Residential painting is one of the most common DIY projects for a home owner to take on. However, depending on your expectations there are a few things for you to consider before you bite off more than you can chew and end up with a less than beautiful house.
Why are you repainting your house?
There are multiple reasons to paint your house and some of them you may not have considered.
Did the previous owner of the house you just purchased have a large wet dog with a liking for back scratches against the orange peel texture of the drywall? Primer and paint are step number 1 in odor and stain abatement. Except for in especially severe situations, painting the interior of your home can vastly improve the freshness of the air you’re breathing. The same applies to a home with a lingering smell of cigarettes.
Furthermore, paint serves a vapor barrier. This means that neglecting to paint either the interior or especially the exterior of your home can lead to water intrusion and eventually deterioration of material. You may be asking, “How often should I paint my house?” It is commonly recommended that you paint your house every 5-10 years. Exactly when you should will depend on the conditions where you live and the quality of the materials last used. In general, when you inspect the exterior of your home look for peeling paint, exposed wood, and cracked caulk lines. This is a sure sign that you need to have your home repainted to protect it from long term damage.
What quality of outcome do you wish for?
What quality of paint job a home owner wants can be an interesting conversation. Most people won’t say that they want to have crooked lines, paint checking (cracks), tape wicking, and roller bumps on the ceiling. But then they will do just that to save a buck. This is entirely the home owner’s decision and they are free to do whatever they desire to their own home. But being brutally honest with yourself about what final product you want is crucial when deciding first, if you will try to do it yourself, or how much you are going to need to spend to have it done to a higher standard if that is what you desire.
What does professional painting cost?
Going through the “why” and the “what” brings you to the question of “how much?” This is where things become very subjective. In order to give a nearly objective scope of what to expect for price, we will exclude the variable cost of materials. Obviously a higher quality product will increase price. As for labor, there is still some subjectivity which we can address later. But for the most part labor is a sliding scale. In our market of Austin, Texas, if you are painting only interior walls, you can expect to pay between $1-$2 per square foot for labor for the average residential paint job. That is the square footage of your home, not the square footage of the walls being painted. If you wish to have your entire home painted including walls, ceiling, and trim (including doors), you can expect to pay an average of $2.5-$3 per square foot for labor.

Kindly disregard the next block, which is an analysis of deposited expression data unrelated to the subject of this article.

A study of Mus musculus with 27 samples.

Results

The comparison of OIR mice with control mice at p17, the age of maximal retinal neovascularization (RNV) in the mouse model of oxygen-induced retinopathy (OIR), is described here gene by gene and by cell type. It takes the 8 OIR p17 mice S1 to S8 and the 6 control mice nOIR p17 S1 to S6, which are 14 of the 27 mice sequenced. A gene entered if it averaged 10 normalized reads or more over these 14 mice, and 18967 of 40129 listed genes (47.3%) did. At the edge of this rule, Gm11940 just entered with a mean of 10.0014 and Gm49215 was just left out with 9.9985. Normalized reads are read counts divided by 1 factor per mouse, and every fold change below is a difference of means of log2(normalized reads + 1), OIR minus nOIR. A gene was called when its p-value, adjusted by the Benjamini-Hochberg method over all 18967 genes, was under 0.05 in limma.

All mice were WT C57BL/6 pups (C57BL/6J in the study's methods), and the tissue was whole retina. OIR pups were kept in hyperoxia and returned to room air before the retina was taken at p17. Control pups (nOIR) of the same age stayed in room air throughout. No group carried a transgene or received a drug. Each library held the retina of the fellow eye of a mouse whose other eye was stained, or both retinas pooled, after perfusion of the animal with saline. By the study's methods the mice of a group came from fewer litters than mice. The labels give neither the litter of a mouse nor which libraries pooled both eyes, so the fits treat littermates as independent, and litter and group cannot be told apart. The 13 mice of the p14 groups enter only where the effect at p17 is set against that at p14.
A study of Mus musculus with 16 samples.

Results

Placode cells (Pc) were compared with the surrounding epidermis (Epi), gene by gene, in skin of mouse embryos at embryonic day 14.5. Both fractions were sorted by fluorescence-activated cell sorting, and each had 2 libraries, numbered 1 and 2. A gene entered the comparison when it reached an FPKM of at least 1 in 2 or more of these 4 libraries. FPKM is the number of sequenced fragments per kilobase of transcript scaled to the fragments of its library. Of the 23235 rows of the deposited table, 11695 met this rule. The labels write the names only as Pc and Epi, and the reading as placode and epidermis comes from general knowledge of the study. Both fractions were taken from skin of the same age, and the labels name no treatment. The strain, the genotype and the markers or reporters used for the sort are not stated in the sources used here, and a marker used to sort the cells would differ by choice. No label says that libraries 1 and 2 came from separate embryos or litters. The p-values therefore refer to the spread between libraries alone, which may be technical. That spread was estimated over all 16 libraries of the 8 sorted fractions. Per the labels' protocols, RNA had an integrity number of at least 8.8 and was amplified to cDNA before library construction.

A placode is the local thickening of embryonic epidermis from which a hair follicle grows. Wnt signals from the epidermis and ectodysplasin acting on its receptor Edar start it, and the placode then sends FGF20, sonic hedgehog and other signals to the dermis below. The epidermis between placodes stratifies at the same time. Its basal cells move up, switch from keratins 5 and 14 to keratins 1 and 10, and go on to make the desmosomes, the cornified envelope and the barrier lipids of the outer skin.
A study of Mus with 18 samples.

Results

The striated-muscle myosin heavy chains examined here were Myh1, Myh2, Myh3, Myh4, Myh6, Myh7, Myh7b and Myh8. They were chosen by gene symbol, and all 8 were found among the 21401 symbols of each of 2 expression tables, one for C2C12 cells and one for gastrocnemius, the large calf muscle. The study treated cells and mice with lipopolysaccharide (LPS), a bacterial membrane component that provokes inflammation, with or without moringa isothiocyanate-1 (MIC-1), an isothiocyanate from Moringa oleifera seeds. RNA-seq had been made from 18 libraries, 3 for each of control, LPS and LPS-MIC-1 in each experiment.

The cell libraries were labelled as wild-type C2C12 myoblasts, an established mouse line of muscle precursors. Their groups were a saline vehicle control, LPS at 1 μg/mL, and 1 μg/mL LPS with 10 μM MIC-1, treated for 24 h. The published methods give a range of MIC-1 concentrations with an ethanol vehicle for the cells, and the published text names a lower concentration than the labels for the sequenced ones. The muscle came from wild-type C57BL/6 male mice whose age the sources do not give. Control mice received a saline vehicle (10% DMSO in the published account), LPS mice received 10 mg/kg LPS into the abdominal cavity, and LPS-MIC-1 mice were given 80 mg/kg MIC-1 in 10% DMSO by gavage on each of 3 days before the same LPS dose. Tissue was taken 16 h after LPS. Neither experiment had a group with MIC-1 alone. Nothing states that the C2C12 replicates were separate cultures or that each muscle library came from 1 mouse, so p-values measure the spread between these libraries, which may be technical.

Now for the subjective part of this equation: Is your home occupied/furnished? If your home is occupied and/or furnished, the labor price will likely be more in order to account for the extra time and preparation necessary to work around you and your home. Do you have vaulted ceilings? The average residential ceiling is 9’ and the average vaulted ceiling is 12’. If you have ceilings higher than 12’, be prepared for additional labor costs to cover the extra time required to work safely from heights as well as possible ladder or lift rental. Does your roof have a steep pitch? Any roof pitch over 10/12 (39.81 degrees) is considered steep. Going up from there: 11/12, 12/12, and any pitch where the rise is greater than the run will be considered steep. Be prepared for this to increase labor cost as well. How much of your home is siding vs. masonry? If you have a home with a minimal amount of ornamental masonry you will be subject to at least average labor costs. However, if one or more sides of your home are masonry you will likely be able to pay a labor price on the lower end of average rates as there is simply less surface to paint. Do you have a multi level home? Again, working from heights will always be a compounding factor when it comes to labor as it takes longer to work safely from heights.
Choosing a high value, skilled paint contractor does not have to be intimidating. Having information about the “why” behind your job, the “what” with regard to the outcome you desire, and the “how much” regarding market trends in your area with regard to labor are the basic tools you will need to make an informed and prudent decision for your home and your budget.